Selina Rodrigues’ much-anticipated first collection takes a long look at the invisible ecology of contemporary urban living and working – call-centres, computer screens, night-shift cleaners – and the competing structures of time and money, labour and desire. It’s a book about online desires, migratory workers and childcare, and the flat-packed silences of alienation, all framed by city skylines.
Cover image: JR Korpa
Her baby growls on waking as the metal blinds rattle in eagerness and Rahena clicks fluorescents awake, stares at machines and starts to count 10s, 20s, 50s in her third brisk shop. Prepare early. A last secret lorry rolls through the city, she wonders which floorboard gave slightly then, a tendon of the building that pulls and yields, whilst the curved palm of moon fades in the lightening and birds start to chatter. A man wheels his cart pausing, bending, collecting and Rahena sees his lips move as if he murmurs the morning.
electricity loops around us, we are deeper than skulls and mosaics, than jewels. Clutter of a platform trails away. Thoughts are thin behind transport faces as we breathe a newspaper’s ink, sense warm hands on metal. Who is the stranger now, masked, or with lit cells. We are careless, torn headlines underfoot as we sway westbound, your chest, my thigh are all our bodies. Forget the pre-paid minutes and miles. Let’s never arrive. Here it is – containment. My mouth’s morning fur is as warm as this tunnel. Even the stray bag is tight within us. What is the danger now. We dream of each other. We want our rehearsed real fears. Flecks on your shoulder are to my lips. I trust you passenger, no buds of conversation opening around us. We are in awe of the cave, held in arches and in water as you sigh in my ear. Our risk meaning – nothing – anything – to me.
The morning star, a key at my shoulder. At 5am I walked 6 miles to school. I was lucky that we could pay. My parents were bored of learning. I was their fifth. One day ma squeezed me through the window to pa to push his knees where he lay, and I unlocked the door. We say carry only enough for your journey. I was spat to town, then to city, then another. Always space for quiet ones. Now, even oldest sisters want me to call in my calls, at 10, 11, midnight. Could be our last talk, they say. Lights waver across the Bund like thread we are not afraid of colour at our feet we cannot fear the future and the skyline is my future.
Dear Boss. Today your head is full of rain. Your husband wept, you scraped plates at 3am and still brought pastries. We watch. You are kind. Children run the office in your eyes, they run your heart with laughter. Imagine. We are all hands to this juddering system. Aire Street’s window is open a hair’s-width enough for you, a thin, steady breath. As sun sparks day, my wired head turns. Lambs are eating, dying, calling. It’s the season you say. Leave early because now the earth is open-mouthed and fields are torn for birth. So hours pass through us until I trip down tilting floors into ferocious spring – – the city’s form – feathered grey, slash, drop blue contained new buds. Dear Janie, away from you. Rain falls again from untrustworthy skies. I need the moors. For you, only commitment is right.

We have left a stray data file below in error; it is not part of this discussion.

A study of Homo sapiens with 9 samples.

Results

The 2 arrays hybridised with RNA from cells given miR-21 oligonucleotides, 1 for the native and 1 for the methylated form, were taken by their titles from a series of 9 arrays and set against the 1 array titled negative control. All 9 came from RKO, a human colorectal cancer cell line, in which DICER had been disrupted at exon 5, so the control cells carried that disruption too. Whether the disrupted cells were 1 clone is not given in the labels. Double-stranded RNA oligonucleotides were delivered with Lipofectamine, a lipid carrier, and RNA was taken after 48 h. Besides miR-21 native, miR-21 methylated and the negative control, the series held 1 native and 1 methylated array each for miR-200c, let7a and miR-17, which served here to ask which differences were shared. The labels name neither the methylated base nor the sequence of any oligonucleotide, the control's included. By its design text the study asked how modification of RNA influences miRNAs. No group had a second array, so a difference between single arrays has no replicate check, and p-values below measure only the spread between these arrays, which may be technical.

The swan bridge stretches and holds the tide and streams of hurried, stray commuters. A measured, silver wrap is at her side. Lou undoes her cuffs and inhales powder. Like ancient, herded sheep across a bridge the numbers bunch and then disappear. By day, at her desk the hundreds of zeros run over the screen. She flicks her fingers and shuffles the queen’s head, the queen’s head. By night currencies slip through other careless hands and Lou sighs beside her low-slung, hollow bridge. At last on a drift of powder she lies bare-legged, with silt covering her toes. The words repeat, I promise that I – I promise to pay. Away from the rows of digits and decimals, this water takes trillions and endless zeros. Louise bends towards white scurf and there beneath the swan’s wings, tastes the river.
I don’t know what I’m doing here. A strange open thing to say. You don’t usually speak and we don’t watch shadows fold and change across our desks or mark the sun’s gentle reach. It’s the afternoon hush and your voice is low. You want to live in a different place, to leave in spring, a delicate time to go, to cross a border’s paper-thin crease. Elsewhere – beyond these keys and screens go – open maps under mosaic roofs. Learn new notes from score or memory and sleep enveloped, as the proof of paper cuts heal. Jac, in April’s raw spring light, open the day’s atonal door
‘Selina Rodrigues writes with quiet passion about work and workers. Her language is precise, elliptical, and always surprising. The settings of these poems are offices, call-centres and shops, but the poems lift from an anonymous workforce to individual narratives of love, loss, complexity and contradiction. The lexicon of work – risk, impact, control – becomes metaphorical and transformative. A sense of wonder pervades the writing. This is captivating debut from a unique voice.’
‘These poems wind themselves around the reader with gentleness as well as ferocity. They explore and celebrate, in many different voices, how it feels to work: to sit among screens, yuccas and colleagues, to commute, to be raising metal shutters at dawn or working a call-centre late shift. Work life might never seem the same again after reading this collection.’